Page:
Play It Again


Samuel Beckett, whose centenary is celebrated April 13, pictured his project before he understood it: that exhausted journey toward an impossible goal replicated in miniature by so many of his characters. It happens in Murphy (1938), his first published novel, which can be found, along with the rest of his official oeuvre, in the four-volume Grove Centenary Edition. Murphy, a youngish layabout with a yen for oblivion, finally finds a job that suits him, as much as anything could be said to suit him. (That immediate downward qualification is the Beckett tic afflicting everyone who ingests his work at an impressionable age.) He signs on as a nurse in a mental institution.

There he becomes fascinated with one patient in particular, a Mr. Endon, who has retreated so far into himself as to be inaccessible to the outer world, precisely the condition to which Murphy himself aspires. Perhaps blasphemously, Murphy desires some sort of communion with his idol, but how to effect it? Verbal communication is out of the question, since Mr. Endon never speaks and perhaps never hears. Touch, the sensual communication that continually lures Murphy back to the world, much to his own disgust, is likewise ruled out. Mathematics provides the answer, Murphy believes, specifically the geometry of the chessboard. And here, miraculously, Mr. Endon is eager to engage—if not with Murphy as opponent, at least with chess as a means of objectifying his own containment.

And so begins the most memorable chess match in fiction, a combat of no combat in which Murphy valiantly tries to sacrifice his pieces to his opponent, or at minimum receive some acknowledgement that they are playing the same game, while Mr. Endon answers only his own challenge, moving his pieces out onto the board in complicated patterns before returning them to (almost) their original positions.

Mr. Endon reappears in various guises in Beckett’s later work—as Mr. Knott in
(1943) and most famously as Godot, a role in which he shows himself most perfectly by not appearing at all. He is the terminus, the void which Beckett’s characters yearn for and cannot attain (never end, always on). That chess game grew into perhaps the last truly fundamental contribution to world literature: an attempt to find the words for silence, doomed from its inception, which makes the writer’s perseverance in the task both heroic and comic. And he knew this, too. Like Murphy, Beckett could only fail. The challenge was to fail successfully, lose definitively, and to this end he was still admonishing himself, even in one of his last works, “Try again. Fail again. Fail better.”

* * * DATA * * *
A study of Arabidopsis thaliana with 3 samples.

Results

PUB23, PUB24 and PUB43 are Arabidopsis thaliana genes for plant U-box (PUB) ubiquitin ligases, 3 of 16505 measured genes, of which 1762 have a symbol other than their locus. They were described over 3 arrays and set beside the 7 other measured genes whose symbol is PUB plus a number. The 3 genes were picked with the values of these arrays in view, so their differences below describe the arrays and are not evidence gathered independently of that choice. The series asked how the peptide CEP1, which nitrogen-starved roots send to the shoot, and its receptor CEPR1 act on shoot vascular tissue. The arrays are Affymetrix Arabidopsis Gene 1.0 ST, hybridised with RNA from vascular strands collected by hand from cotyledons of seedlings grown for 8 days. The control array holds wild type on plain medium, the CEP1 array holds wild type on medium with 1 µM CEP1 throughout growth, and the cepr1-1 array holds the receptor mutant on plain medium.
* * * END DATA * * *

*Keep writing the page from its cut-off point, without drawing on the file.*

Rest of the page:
But Beckett had not yet found his voice when he wrote Murphy, which describes but doesn’t enact the attempt. (That begins in earnest with the trilogy of novels that form the central hub of his oeuvre—Molloy, Malone Dies (both 1951), and The Unnameable (1953). He hadn’t yet realized that the game must be played not through but in language, by gnawing away from the inside, excising the superfluous, pushing it to its limit of expressiveness, only, continually, to find another limit after that—”For to End Yet Again,” as one title puts it. And that’s comic too, a metaphysical slapstick like Buster Keaton nailing pancakes over the multiplying holes of his sinking ship,creating a new opening with every hammer blow.

It’s also tragic, this compulsion to speak, to act, to remain in light while desiring only darkness and stillness and silence But Beckett joined those extremes—which are also the extremes of high culture and low comedy, measured diction and uncontrollable farting—more systematically than anyone had ever thought to do. He recognized the pain in the pratfall and also that “nothing is funnier than unhappiness.”

At the center, between the poles, there is melancholy. So much of Beckett’s work is haunted by love and lost connection, thwarted attempts to bridge two solitudes. It’s the central wound no art can heal. Krapp fast-forwards impatiently through the tape recording of the moment he discovered his vocation but dwells on his last encounter with a girl he loved, lingering on a line addressed to her half-closed eyes: “Let me in.”

Beckett found the space next to silence and darkness in every medium he turned to. He was perhaps the first to fully exploit the embarrassment of theater—incorporating dead patches and literalizing the compulsion to perform, such as by isolating a mouth in full babble, unwilling to identify itself with the words it spews, in Not I. His radio plays are built around the provisional presence of the human voice, his film around an attempt to escape the omnivorous eye of the camera, and his television plays around a steady drone of speech, penetrating intimate environments uninvited with the nagging perseverance of memory. He had a sharp eye for essences.

But his deepest and most complicated endgame was played out in prose, the struggle of language against itself. The Grove Centenary Edition puts it all together and offers readers a new opportunity to fail along in his persistent shadow.